Previous Challenge Entry (Level 3 - Advanced)
Topic: Write in the SCIENCE FICTION genre (05/10/07)
TITLE: On Corbin's Planet
By julie wood
“Well, doctor, it is difficult to explain. In some ways he seems advanced. He is only three years old, but he already speaks in complete sentences. And he began to use oral language when he was only one year and five days of age. We never even had to teach him speech from the flash cards.”
“Remarkable, Citizen Kirisi.” Doctor Valen turns to address the male parent,
fixing his gaze three inches to the right. “Have you any input about Korek, Citizen Motan?”
“Yes!” Motan struggles to shape the words that flow more smoothly from his lifemate. “Korek not only pronounce real words. He use them to communicate! To tell us what he want… And not only this, but he look directly at our eyes and he ask why happy or why sad. It like he can actually read faces. He know correct emotions with no teaching from picture cards!”
“That is remarkable indeed, Citizen Motan. And yet I believe there is something about your son that causes you to feel…” Doctor Valen checks his client’s eyes, comparing the furrows forming between them with those upon the face illustrated by his own topmost picture card. “…anxiety?”
“Yes, doctor, that is correct. We feel anxiety!” Kirisi gazes left as she elaborates. “In some respects Korek appears delayed. He fails to comprehend written language, and he shows no knowledge of mathematics beyond his ability to count. Also, his behavior appears bizarre.”
“Bizarre? In what respect?”
“He plays in complex ways we cannot understand, such as perceiving his collection of plastic representations as living animals or human beings. At times he even wishes for us to perceive this with him. He never handles them the way other children do, arranging them into even rows.”
“And Korek touch us wrong!” Motan begins rocking as he forces out the words. “He not just touch to take hand and show us what he need, he grab us with arms and hold us tight like this!” He twines both arms about his own body. “This feel right, but not when Korek do to me! Why he do this, Doctor Valen?”
The doctor hesitates before replying. He fears these parents, like most, will find the answer difficult to accept. “I believe your son has bondism.”
“Bondism?” His clients both turn pale. Motan speeds his rocking and Kirisi conceals her eyes with trembling fingers. “Is that not a serious disorder?”
“Quite serious. It means he will be obsessed for life with the need to bond with other citizens. He may never create his own reality, or learn how to properly connect with himself.”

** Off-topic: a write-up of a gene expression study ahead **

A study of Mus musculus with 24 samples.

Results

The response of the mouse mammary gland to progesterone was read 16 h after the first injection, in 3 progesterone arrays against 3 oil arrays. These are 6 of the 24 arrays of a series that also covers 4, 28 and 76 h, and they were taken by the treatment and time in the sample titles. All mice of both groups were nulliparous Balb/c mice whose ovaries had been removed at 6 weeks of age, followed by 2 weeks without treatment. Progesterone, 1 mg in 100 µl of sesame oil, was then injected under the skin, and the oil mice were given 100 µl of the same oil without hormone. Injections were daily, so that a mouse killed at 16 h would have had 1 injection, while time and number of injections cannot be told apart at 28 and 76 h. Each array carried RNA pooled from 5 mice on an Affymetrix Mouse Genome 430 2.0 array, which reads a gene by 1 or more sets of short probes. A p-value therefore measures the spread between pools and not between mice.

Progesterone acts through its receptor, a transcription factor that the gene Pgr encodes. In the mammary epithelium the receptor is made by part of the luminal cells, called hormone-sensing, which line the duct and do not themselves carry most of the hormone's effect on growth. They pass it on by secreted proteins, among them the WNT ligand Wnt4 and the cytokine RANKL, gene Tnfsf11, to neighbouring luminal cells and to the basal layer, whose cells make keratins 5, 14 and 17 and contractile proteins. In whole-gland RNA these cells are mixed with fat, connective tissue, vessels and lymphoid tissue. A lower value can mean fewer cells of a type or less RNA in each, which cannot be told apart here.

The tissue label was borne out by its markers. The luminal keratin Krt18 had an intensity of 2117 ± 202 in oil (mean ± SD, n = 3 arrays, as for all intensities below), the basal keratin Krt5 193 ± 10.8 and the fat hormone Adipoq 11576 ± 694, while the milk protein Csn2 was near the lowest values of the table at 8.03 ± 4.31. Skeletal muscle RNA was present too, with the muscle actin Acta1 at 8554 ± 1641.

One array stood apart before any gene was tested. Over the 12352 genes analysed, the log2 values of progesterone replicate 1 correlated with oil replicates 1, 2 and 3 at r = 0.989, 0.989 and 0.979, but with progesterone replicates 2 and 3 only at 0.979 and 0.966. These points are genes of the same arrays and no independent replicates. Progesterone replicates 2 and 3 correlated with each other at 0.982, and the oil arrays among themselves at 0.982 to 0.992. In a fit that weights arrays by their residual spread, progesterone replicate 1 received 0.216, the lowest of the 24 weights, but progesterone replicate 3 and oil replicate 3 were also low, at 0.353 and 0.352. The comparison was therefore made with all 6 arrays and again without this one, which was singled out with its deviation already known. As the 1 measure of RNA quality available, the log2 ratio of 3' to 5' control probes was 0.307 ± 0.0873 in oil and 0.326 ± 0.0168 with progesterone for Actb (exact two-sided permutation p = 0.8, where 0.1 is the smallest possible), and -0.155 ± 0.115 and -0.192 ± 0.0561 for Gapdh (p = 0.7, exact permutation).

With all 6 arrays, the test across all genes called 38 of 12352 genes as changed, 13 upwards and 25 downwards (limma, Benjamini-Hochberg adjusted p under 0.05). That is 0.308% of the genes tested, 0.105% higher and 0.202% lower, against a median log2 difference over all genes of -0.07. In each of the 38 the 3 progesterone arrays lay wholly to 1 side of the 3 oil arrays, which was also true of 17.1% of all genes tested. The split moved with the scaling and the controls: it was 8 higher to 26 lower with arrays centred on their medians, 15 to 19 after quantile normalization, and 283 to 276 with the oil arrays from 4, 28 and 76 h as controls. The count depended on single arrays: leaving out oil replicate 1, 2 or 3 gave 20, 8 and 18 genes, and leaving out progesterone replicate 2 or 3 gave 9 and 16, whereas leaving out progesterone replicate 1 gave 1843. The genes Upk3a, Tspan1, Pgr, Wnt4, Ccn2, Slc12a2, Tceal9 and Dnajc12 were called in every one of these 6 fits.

“But is there any hope he will achieve independence in adulthood?”
“We can only determine that in time, Citizen Kirisi. But we now believe that some of history’s greatest politicians, not to mention businesspeople and media entertainers, displayed many symptoms of bondism.”
“Politicians? Businesspeople? Media entertainers?” Three vertical lines prick Kirisi’s forehead. “But weren’t many of them considered odd? We hoped Korek would pursue something ordinary, such as becoming a scientist or artist. Or even that he might do something truly commendable, such as folding squares of cardboard into boxes of rectangular symmetry….”
The words catch in her throat as she struggles out of sleep. Beside her Michael—that’s her husband’s real name—still lies limp and snores. Her own real name is Karen and they live, she realizes, on planet Earth. Why then did that dream seem so real?
Slipping out of bed, Karen tiptoes off to check on her small son. Three-year-old Corbin rocks and croons softly to himself. He’s hunched over his GI Joes, lining them up in even rows. He avoids her eyes when she calls his name, twists from her hands as she tries to catch him in a hug. But completing his row of action figures with an even eighth one, he bursts into delighted laughter.
Through tears Karen feels the haunting aura of her dream. Corbin often strikes her as a visitor from a distant planet. Could there be some place in the universe where children like him are considered the normal ones?
The thought comforts her. Their Creator rules all places in His universe, and He has purpose for all His children no matter how diverse. Whispering words of thanks, she feels her own laughter bubbling up beneath her tears. She giggles with her son, their mouths stretched in the grin displayed on Corbin’s picture card for Happy.